Monday, June 13, 2005

I'm it

Arnold book tags me.

Hmm. Should I be honest or should I signal? I'll be honest.

I liked "The Last Lion", a biography of Winston Churchill by William Manchester who died before he could conclude it. A remarkable man living at a remarkable time.

I forget what this book was called, but it was a collection of book reviews, essays, and short non-fiction by George Orwell stretching from around Homage to Catalunia to the start of the Second World War. I felt I really understood what it was like to live at that time during those events.

I also read a bunch of old essays by Ronald Coase. They were written in the 60s and it's interesting to note how little of what he thought would happen has. 40-50 years ago the big questions were solved -- trade is good, tariffs are bad, taxes need to be broad and low. But here we are and little has changed.

I like Cryptonomicon by Neal Stephenson because it was fast and interesting and had code breaking and submarine cableing. His Mother Earth Mother Board essay is also really good. The Baroque Cycle is too long.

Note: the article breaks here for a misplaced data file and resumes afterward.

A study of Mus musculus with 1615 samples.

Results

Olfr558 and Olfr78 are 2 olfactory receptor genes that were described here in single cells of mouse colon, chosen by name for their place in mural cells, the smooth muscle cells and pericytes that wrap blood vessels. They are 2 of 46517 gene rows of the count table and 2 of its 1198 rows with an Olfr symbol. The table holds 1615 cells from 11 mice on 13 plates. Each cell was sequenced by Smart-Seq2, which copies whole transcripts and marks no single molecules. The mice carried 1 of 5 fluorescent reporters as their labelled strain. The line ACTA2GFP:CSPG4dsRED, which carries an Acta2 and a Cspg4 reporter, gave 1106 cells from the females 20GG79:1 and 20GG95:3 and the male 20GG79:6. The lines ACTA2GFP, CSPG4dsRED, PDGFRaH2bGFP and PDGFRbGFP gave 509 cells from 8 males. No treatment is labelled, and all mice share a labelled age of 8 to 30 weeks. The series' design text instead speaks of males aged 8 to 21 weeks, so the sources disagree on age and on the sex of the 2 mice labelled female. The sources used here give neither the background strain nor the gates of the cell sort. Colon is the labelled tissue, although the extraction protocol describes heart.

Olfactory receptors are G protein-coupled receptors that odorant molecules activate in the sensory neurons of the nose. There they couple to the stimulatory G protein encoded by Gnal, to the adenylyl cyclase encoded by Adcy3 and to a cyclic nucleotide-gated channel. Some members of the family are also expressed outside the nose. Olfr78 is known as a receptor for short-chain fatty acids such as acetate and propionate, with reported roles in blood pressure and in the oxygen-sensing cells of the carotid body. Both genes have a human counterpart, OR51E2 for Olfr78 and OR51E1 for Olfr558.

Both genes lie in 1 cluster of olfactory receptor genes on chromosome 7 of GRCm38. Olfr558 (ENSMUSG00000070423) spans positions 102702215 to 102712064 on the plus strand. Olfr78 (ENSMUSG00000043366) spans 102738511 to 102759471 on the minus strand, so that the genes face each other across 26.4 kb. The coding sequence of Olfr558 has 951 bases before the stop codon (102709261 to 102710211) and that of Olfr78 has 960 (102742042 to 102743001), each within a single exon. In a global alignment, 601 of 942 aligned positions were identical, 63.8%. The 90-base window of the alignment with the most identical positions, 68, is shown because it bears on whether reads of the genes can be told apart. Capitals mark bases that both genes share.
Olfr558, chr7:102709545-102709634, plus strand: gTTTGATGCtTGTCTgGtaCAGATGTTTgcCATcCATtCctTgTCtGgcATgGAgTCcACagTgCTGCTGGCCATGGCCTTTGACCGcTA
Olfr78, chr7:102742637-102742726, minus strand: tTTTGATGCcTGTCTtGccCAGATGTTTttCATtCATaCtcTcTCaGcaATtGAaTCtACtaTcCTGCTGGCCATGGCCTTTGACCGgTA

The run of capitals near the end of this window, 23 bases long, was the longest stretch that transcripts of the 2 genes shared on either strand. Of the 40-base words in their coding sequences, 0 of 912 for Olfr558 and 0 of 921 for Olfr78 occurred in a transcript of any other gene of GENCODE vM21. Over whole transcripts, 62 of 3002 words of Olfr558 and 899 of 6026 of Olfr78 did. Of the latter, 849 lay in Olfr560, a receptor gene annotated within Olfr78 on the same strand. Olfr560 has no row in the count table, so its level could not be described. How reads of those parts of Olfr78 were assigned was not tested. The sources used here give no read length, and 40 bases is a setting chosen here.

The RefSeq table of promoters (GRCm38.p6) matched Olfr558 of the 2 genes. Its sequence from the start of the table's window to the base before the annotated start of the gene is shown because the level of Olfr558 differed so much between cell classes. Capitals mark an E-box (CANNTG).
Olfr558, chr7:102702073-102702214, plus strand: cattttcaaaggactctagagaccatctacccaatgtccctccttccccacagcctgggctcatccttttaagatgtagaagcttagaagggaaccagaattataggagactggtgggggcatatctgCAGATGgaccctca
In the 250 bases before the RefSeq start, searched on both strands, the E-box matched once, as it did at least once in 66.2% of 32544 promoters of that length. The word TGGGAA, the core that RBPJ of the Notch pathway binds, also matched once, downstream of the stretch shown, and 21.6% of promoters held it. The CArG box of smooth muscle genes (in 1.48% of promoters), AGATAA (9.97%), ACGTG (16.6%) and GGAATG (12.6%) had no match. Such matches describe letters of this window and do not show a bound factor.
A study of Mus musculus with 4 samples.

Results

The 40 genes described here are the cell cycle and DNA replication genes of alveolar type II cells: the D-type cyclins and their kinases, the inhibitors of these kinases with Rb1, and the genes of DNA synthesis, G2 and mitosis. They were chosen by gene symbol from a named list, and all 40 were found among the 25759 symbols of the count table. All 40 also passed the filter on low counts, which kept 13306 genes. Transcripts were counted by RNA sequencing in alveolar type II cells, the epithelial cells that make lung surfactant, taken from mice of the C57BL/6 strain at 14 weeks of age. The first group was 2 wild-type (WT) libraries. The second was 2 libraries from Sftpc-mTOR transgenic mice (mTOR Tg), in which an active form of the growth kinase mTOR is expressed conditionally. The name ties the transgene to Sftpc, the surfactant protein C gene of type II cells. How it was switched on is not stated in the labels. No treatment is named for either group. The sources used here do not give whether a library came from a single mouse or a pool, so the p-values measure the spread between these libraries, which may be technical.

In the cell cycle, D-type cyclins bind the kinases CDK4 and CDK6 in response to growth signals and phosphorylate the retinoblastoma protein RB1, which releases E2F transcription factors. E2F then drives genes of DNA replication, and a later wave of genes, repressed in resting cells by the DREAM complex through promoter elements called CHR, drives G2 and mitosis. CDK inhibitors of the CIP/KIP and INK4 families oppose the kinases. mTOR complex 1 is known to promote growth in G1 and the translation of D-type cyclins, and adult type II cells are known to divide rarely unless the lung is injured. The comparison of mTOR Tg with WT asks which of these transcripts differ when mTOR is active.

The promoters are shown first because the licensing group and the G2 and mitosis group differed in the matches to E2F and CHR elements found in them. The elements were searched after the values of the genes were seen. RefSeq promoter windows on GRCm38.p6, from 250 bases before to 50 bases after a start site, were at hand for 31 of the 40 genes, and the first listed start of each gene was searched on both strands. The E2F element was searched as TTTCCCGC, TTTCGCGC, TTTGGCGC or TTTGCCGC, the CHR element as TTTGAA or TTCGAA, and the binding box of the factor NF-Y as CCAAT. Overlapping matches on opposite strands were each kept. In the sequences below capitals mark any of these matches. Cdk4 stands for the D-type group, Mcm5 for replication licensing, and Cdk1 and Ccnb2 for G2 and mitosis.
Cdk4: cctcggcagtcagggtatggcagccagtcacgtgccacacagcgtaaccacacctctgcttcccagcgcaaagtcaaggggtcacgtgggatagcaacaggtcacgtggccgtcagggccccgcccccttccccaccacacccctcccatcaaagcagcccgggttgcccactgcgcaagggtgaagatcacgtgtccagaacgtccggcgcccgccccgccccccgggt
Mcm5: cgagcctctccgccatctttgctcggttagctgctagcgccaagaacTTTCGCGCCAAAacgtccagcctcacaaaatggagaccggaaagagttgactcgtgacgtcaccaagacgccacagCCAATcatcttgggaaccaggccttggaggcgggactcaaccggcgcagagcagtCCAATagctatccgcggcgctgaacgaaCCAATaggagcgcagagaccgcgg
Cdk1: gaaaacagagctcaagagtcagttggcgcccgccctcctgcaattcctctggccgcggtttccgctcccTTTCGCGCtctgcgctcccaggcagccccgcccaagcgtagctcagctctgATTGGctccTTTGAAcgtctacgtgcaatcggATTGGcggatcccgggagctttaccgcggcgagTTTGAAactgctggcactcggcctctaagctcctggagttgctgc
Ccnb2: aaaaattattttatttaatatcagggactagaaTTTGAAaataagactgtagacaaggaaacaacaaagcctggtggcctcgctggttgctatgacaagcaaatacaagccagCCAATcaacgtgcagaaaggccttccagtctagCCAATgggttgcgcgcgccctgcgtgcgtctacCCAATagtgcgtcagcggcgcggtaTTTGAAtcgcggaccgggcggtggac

I read anti-trust by Posner, who is a good writer, and a fine introduction to law and economics.

It seems like I have not read much fiction, or that the fiction I have read has had a good dose of non-fiction in it. I think this is pretty common as people get older.

Most of my economic education was not from books, but from people. Murphy, Becker, Posner, Coase, Thaler and excellent but less famous folks like Goolsbee, Picker, Marciano, were where I really learned by applied price theory and its limits -- a gift that keeps on giving.